Research Project: New Sensors and Methods for Phenotypic Analysis of Small Grains

Location: Food Quality Laboratory

Title: On the use of native corn starch as a standard reference material for falling number

Author
item Delwiche, Stephen - Steve
item LIANG, JOSHUA - AGRICULTURAL MARKETING SERVICE (AMS, USDA)

Submitted to: Cereal Chemistry
Publication Type: Peer Reviewed Journal
Publication Acceptance Date: 9/8/2020
Publication Date: 9/18/2020
Citation: Delwiche, S.R., Liang, J. 2020. On the use of native corn starch as a standard reference material for falling Number. Cereal Chemistry. 97(6):1227-1235. https://doi.org/10.1002/cche.10346.
DOI: https://doi.org/10.1002/cche.10346

Interpretive Summary: Falling Number is a method used all over the world to gauge the quality of harvested wheat, and specifically, the integrity of the starchy endosperm from which most wheat products are derived. It is a physical (starch pasting viscosity) technique used as an indirect indicator of enzymatic stability. Compared to the majority of cereals quality analytical procedures, falling number has very good precision; however, there is a need to identify a stable starch or starch-like material that can be used as a standard reference material (SRM) to ensure that instruments fall within expected levels of precision and accuracy. The current study builds on another study by one of the authors on the suitability of native (unmodified) starches from four botanical sources (corn, wheat, rice, and potato) as SRMs. That study, performed in a single laboratory, found corn starch as the best material for sake of its high precision, long shelf life, and low cost. The current study expands upon precision measurement to include the estimation of allowable values for this SRM when measured in a network of laboratories. Recommendations are made on limits for control chart operations that will ensure consistent readings from a single instrument as well as consistent averages from each laboratory in the network. National inspection programs and private cooperatives may benefit from these guidelines.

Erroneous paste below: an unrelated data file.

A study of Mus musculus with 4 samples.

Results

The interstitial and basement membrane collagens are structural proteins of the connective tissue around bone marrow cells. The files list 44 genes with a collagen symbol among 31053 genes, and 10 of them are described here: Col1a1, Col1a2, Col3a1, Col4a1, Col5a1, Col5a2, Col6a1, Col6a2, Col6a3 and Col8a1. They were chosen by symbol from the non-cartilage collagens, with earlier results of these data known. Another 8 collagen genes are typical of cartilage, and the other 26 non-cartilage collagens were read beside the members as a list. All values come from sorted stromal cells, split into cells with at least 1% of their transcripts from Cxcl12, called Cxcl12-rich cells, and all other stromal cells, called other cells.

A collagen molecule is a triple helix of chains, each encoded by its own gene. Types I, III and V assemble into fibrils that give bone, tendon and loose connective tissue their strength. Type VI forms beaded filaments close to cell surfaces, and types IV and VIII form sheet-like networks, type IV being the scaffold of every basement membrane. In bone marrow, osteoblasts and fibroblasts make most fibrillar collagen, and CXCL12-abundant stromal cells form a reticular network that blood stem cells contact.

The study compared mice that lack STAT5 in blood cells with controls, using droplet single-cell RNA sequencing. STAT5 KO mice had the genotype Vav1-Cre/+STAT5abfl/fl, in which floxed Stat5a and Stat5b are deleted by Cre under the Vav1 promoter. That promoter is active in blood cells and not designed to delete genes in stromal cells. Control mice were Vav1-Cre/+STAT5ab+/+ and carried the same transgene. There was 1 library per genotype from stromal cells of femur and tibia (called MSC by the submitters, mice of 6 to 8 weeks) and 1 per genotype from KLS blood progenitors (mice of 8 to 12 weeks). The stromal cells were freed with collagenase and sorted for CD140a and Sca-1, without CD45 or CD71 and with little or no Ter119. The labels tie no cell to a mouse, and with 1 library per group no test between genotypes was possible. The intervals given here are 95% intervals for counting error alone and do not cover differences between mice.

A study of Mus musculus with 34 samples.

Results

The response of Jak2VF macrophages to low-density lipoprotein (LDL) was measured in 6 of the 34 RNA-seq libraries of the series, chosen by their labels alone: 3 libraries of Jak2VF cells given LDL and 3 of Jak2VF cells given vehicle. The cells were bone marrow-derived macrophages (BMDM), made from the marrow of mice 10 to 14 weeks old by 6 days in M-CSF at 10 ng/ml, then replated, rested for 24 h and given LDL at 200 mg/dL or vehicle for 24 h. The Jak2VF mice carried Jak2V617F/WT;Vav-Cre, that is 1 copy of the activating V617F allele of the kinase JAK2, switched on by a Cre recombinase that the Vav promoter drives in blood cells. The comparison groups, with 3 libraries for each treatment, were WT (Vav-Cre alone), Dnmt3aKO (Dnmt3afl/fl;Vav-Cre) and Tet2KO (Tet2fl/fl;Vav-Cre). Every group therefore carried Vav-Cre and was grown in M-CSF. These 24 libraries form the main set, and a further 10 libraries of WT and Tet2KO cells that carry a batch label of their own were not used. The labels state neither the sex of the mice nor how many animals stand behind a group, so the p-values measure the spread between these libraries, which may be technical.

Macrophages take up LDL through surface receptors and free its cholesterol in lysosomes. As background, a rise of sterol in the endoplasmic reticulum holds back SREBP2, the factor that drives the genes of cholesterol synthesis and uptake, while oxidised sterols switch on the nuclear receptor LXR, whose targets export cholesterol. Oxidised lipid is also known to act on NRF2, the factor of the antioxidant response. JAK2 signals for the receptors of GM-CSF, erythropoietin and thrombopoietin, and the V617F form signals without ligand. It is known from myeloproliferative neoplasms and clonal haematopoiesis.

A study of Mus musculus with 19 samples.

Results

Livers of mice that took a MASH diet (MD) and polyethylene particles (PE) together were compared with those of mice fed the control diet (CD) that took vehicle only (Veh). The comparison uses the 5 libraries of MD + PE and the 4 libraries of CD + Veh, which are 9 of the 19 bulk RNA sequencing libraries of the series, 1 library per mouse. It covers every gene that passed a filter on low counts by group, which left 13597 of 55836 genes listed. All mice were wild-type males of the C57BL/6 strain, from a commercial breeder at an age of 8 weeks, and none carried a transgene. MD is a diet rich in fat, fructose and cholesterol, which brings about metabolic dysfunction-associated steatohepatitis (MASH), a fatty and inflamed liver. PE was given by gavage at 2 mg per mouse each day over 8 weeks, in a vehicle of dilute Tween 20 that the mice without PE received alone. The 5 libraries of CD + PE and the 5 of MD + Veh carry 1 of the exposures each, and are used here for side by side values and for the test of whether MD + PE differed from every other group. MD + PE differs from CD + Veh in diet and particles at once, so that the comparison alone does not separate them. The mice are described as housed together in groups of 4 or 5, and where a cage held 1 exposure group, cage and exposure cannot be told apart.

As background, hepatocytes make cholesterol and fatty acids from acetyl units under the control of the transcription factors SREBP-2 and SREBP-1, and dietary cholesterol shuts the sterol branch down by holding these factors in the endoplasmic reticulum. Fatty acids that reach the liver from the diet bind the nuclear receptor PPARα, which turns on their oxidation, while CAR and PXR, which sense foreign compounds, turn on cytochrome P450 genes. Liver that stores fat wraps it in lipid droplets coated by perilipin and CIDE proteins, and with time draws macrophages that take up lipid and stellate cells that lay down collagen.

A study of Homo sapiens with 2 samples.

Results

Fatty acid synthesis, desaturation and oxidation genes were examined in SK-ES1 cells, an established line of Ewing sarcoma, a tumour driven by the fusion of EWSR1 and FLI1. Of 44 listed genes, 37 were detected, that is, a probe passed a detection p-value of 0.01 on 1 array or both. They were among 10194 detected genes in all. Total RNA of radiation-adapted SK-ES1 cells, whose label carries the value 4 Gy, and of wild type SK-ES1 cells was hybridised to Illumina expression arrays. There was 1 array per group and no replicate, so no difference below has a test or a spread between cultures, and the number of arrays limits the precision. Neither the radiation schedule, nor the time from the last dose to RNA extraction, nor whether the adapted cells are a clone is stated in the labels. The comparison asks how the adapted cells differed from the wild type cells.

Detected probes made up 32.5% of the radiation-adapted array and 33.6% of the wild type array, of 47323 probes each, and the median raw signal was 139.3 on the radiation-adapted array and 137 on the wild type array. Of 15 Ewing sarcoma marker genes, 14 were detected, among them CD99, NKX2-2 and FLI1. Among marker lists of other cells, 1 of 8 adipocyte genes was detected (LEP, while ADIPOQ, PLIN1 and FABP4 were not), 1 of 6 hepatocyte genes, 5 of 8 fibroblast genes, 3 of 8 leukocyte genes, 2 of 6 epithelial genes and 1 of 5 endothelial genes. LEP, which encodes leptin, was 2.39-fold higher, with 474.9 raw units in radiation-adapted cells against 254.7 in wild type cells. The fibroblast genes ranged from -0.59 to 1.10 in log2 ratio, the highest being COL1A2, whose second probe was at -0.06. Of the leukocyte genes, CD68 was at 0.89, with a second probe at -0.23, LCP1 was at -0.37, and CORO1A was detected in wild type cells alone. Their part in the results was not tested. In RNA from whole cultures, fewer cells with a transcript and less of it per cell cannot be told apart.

Technical Abstract: Falling Number is a method used all over the world to gauge the quality of harvested wheat, and specifically, the integrity of the starchy endosperm from which most wheat products are derived. It is a physical (starch pasting viscosity) technique used as an indirect indicator of enzymatic stability. Compared to the majority of cereals quality analytical procedures, falling number has very good precision; however, there is a need to identify a stable starch or starch-like material that can be used as a standard reference material (SRM) to ensure that instruments fall within expected levels of precision and accuracy. The current study builds on another study by one of the authors on the suitability of native (unmodified) starches from four botanical sources (corn, wheat, rice, and potato) as SRMs. That study, performed in a single laboratory, found corn starch as the best material for sake of its high precision, long shelf life, and low cost. The current study expands upon precision measurement to include the estimation of allowable values for this SRM when measured in a network of laboratories. Recommendations are made on limits for control chart operations that will ensure consistent readings from a single instrument as well as consistent averages from each laboratory in the network. National inspection programs and private cooperatives may benefit from these guidelines.